The series now shifts to Denver in a pivotal Game 5. The Nuggets (-185) are favored over the Timberwolves (+150) by BetMGM, but this is far from over. These are two great teams, and either could advance to the next round.

Here’s where the advantages lay, and who should eventually have the upper hand. 


With a few days’ rest between Games 2 and 3, Murray has looked rejuvenated. He averaged 21.5 points on 50.0 percent shooting from the field and 41.7 percent from 3 in Denver’s two wins.

His drives to the rim have looked a lot better, and he’s getting around screens better. That has made the two-man game between himself and Nikola Jokic much more effective.

Even when Minnesota has known what is coming, it has been helpless to stop it. 

MORE: Why the Nuggets looked done after the first two games against the Wolves

The Timberwolves came into the series with an innovative strategy on how to slow down that two-man game. Rather than having Jokic’s man, Karl-Anthony Towns, help on ball screens, they had him stay completely home on Jokic. Rudy Gobert, who was on Aaron Gordon, would instead be the helper. 

A small tweak has made that strategy ineffective. The Nuggets have been using “ram” screens to increase the space between Jokic and Towns, forcing Towns into more of a help responsibility. 

Jokic has also figured some stuff out on his own. He’s way too smart to use the same coverage over and over on. The Wolves tried mixing things up late in the fourth quarter of Game 4, and he beat every single one of their tactics. 

After some uncharacteristic struggles at the start of this series, Jokic is back to his consistent self. He averaged 29.5 points, 10.5 rebounds and 8.0 assists in the past two wins. 

Part of the success that the Wolves had defensively was in allowing Gobert to sag off Aaron Gordon and help out on Murray and Jokic. Gordon has only hit 32.3 percent of his 3s for his career, so that strategy looked good on paper. 

In practice, Gordon has made it untenable. He’s hit a scorching 66.7 percent of his 3s and scored 17.3 points per game, creating his own offense at times and hitting difficult looks.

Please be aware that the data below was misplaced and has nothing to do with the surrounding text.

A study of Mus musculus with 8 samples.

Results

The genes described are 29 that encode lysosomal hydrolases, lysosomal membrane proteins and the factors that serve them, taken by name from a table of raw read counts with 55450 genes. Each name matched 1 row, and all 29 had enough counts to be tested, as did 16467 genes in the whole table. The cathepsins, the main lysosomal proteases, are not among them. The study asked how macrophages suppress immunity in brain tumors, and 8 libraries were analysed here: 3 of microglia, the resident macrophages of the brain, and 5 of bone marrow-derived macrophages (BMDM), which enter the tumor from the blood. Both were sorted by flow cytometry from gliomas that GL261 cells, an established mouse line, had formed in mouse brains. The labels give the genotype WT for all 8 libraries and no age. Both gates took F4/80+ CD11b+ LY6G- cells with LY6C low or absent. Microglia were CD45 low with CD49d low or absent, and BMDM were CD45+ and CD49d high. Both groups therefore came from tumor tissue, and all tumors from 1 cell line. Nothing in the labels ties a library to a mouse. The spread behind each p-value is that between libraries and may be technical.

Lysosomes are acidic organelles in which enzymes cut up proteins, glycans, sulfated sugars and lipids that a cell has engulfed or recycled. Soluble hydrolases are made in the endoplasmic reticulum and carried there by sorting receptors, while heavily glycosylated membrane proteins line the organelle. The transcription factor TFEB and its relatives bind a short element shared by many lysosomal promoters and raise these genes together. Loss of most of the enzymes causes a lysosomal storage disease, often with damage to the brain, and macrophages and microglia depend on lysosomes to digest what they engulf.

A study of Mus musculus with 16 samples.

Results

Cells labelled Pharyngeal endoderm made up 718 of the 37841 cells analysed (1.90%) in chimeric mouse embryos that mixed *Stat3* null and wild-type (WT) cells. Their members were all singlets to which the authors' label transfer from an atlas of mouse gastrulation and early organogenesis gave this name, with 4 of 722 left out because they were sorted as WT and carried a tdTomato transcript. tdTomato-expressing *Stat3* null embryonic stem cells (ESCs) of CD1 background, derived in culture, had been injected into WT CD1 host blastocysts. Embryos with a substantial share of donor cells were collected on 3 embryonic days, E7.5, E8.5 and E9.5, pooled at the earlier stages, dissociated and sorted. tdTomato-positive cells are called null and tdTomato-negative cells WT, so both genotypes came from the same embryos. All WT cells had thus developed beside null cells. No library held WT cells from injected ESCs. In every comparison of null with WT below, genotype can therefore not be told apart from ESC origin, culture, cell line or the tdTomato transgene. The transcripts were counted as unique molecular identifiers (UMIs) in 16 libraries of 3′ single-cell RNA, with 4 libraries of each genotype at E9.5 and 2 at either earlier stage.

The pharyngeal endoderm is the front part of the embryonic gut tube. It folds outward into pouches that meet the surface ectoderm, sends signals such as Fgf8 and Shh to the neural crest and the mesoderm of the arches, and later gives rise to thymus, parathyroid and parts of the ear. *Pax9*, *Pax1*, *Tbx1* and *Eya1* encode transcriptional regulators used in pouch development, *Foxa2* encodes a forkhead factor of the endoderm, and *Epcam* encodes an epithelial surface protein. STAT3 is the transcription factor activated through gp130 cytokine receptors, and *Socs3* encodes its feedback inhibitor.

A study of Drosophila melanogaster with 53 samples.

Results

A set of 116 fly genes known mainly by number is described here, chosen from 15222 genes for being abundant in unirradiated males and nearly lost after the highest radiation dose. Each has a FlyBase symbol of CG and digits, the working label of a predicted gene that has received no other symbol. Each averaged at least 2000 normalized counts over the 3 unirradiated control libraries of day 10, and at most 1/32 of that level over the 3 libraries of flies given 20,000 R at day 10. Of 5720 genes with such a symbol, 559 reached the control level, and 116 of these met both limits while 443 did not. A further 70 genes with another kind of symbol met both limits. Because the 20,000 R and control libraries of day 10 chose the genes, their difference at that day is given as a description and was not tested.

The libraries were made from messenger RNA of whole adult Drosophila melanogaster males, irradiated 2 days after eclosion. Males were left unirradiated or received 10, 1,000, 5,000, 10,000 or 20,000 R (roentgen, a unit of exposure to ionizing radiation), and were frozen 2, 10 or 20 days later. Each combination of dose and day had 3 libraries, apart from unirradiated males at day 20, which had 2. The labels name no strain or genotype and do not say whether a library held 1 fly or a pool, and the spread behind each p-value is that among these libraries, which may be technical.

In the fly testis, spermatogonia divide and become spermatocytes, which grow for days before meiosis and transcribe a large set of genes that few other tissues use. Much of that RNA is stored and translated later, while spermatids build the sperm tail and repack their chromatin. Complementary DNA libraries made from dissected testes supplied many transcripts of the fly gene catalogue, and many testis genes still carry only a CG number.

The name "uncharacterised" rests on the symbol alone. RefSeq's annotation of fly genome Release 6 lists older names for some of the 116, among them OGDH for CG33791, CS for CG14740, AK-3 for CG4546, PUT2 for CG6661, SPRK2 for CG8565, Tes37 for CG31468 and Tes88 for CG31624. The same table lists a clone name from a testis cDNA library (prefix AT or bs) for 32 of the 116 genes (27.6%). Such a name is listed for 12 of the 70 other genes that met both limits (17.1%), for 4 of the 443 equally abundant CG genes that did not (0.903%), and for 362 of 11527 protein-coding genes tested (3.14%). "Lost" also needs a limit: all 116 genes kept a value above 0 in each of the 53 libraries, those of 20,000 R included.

The Nuggets have also done an excellent job of getting Gobert switched onto other players including Jokic, Murray and Kentavious Caldwell-Pope, which has taken Gobert out of his comfort zone and at times away from good help positioning. They’ve limited the suffocating defense impact that he had in the Wolves’ Game 1 win.

Edwards has played out of his mind throughout this whole series, averaging 33.3 points per game. He dropped 44 in the Game 4 loss despite the Nuggets putting their two best defenders in Caldwell-Pope and Gordon on him. Denver has done everything to let other players beat it, but Edwards has still managed to power his way to the rim or hit extremely tough 3s. 

Edwards has been the best player in this series full-stop. That oftentimes is the difference-maker when teams are equally matched, as they appear to be here. 

Game 4 was a brutal showing for Towns and Gobert. Towns manifested his worst habits, committing bad fouls and getting lost on defense. He was pulled at times down the stretch because of the baffling mistakes that he was making in Minnesota’s defensive coverage. 

As bad as Towns was on defense, Gobert was worse on offense. His passing out of the short roll was atrocious, and he had some very awkward offensive possessions and four missed free throws in nine attempts.